The chair of a UK Gambling Commission committee that last month awarded the country’s National Lottery contract to Allwyn Entertainment was previously a big deal in Russia’s finance sector, The Mail on Sunday has learned.
That’s controversial because Allwyn is owned by Czech billionaire Karol Komarek, who also has business ties to Russia.
Komarek joint-owns an underground gas storage facility in the Czech Republic in a 50-50 partnership with the state-owned Russian energy giant, Gazprom. He has publicly condemned the Russian invasion of Ukraine.
On March 15, the National Lottery Competition Committee (NLCC) named Allwyn as its preferred bidder for the lottery, one of the UK’s most lucrative public sector contracts.
But according to the MoS, from 2005 to 2008, its chair, Stephen Cohen, ran the hedge fund arm of Troika Dialog, once described as “the Kremlin’s preferred investment bank.” While there, he worked under Andrey Sharonov, Putin’s former deputy economic minister.
Cohen was also a director of financial intermediary EG Capital Advisors from 2017 to 2021. EG is controlled by Igor and Alexander Mints. Their father is exiled Russian oligarch Boris Mints.
Russia Ties Undeclared
Despite this, there is no mention of Cohen’s Russian connections in his biography on the UKGC website, and they were also omitted from the government announcement of his appointment in 2020. Nor does Cohen mention Russia anywhere on his LinkedIn page.
While Cohen has no suggestion of wrongdoing, the lack of transparency could strengthen the claims of losing bidders who are already challenging the decision.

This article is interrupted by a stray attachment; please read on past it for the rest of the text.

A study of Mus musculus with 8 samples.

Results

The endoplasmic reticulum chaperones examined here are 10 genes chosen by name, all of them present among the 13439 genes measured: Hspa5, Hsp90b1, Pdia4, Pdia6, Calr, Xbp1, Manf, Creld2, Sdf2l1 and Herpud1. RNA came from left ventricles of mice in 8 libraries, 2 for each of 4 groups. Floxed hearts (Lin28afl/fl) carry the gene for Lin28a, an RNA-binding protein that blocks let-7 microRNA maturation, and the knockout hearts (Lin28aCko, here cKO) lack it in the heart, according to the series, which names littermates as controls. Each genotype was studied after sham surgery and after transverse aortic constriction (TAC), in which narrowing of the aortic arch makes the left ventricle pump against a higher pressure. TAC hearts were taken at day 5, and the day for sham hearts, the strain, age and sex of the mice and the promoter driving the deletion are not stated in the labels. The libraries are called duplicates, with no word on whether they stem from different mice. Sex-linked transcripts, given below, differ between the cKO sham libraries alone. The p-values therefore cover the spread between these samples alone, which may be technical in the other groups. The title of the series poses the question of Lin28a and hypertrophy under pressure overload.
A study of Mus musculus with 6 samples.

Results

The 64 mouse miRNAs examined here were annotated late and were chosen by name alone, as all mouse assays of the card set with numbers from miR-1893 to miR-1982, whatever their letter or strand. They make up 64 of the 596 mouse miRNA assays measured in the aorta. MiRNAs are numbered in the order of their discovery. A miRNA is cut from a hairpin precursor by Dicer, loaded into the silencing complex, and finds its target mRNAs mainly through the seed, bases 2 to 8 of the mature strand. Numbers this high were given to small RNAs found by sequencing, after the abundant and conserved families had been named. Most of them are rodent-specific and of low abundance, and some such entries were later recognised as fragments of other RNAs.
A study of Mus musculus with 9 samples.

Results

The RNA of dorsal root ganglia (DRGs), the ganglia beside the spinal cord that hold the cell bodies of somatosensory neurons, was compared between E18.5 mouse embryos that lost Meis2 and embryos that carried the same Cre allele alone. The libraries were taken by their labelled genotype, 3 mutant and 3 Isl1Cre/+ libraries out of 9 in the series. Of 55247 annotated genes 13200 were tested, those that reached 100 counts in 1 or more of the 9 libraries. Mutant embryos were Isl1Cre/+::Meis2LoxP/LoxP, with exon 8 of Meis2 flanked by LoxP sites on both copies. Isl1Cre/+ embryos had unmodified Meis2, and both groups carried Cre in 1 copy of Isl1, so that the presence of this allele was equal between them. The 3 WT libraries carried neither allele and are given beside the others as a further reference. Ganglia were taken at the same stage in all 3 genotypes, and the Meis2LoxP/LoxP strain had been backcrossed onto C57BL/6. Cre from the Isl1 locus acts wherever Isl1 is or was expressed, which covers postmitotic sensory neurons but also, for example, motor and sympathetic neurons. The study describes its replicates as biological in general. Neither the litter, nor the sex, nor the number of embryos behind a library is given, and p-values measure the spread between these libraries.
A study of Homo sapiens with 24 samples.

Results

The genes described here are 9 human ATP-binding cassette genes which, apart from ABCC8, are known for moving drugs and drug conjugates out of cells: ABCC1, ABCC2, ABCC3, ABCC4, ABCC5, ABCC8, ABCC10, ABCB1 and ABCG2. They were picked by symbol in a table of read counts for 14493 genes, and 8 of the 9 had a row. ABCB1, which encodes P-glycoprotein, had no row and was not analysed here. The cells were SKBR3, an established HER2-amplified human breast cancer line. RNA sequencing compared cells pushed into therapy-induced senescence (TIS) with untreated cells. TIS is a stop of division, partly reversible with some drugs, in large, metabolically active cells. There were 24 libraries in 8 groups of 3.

Camelot Group, which has operated the lottery since its 1994 inception, filed legal proceedings against the UKGC in London’s High Court earlier this month. Its complaint focuses on allegations that the regulator changed the rules in the final weeks of the selection process to benefit Allwyn.
Italian lottery operator Sisal, recently acquired by Flutter Entertainment, is believed to be considering joining the Camelot lawsuit.
Meanwhile, another defeated bidder, British billionaire Richard Desmond, launched a legal challenge of his own last week.
“This is such a big decision; all of this must be completely above board, particularly as the decision is being challenged, and given the company awarded the license has its owns links to Russia,” Conservative MP Iain Duncan Smith told the MoS.
This is important given what has been happening politically in Russia for a long time. I’m surprised to find the chairman of the committee has Russian connections that are not declared,” Smith added.
In a statement, a UKGC spokesperson said information regarding applicants was anonymized during the board’s final decision. “A fair and transparent process was in place to only identify the application that best meets the needs of the National Lottery.”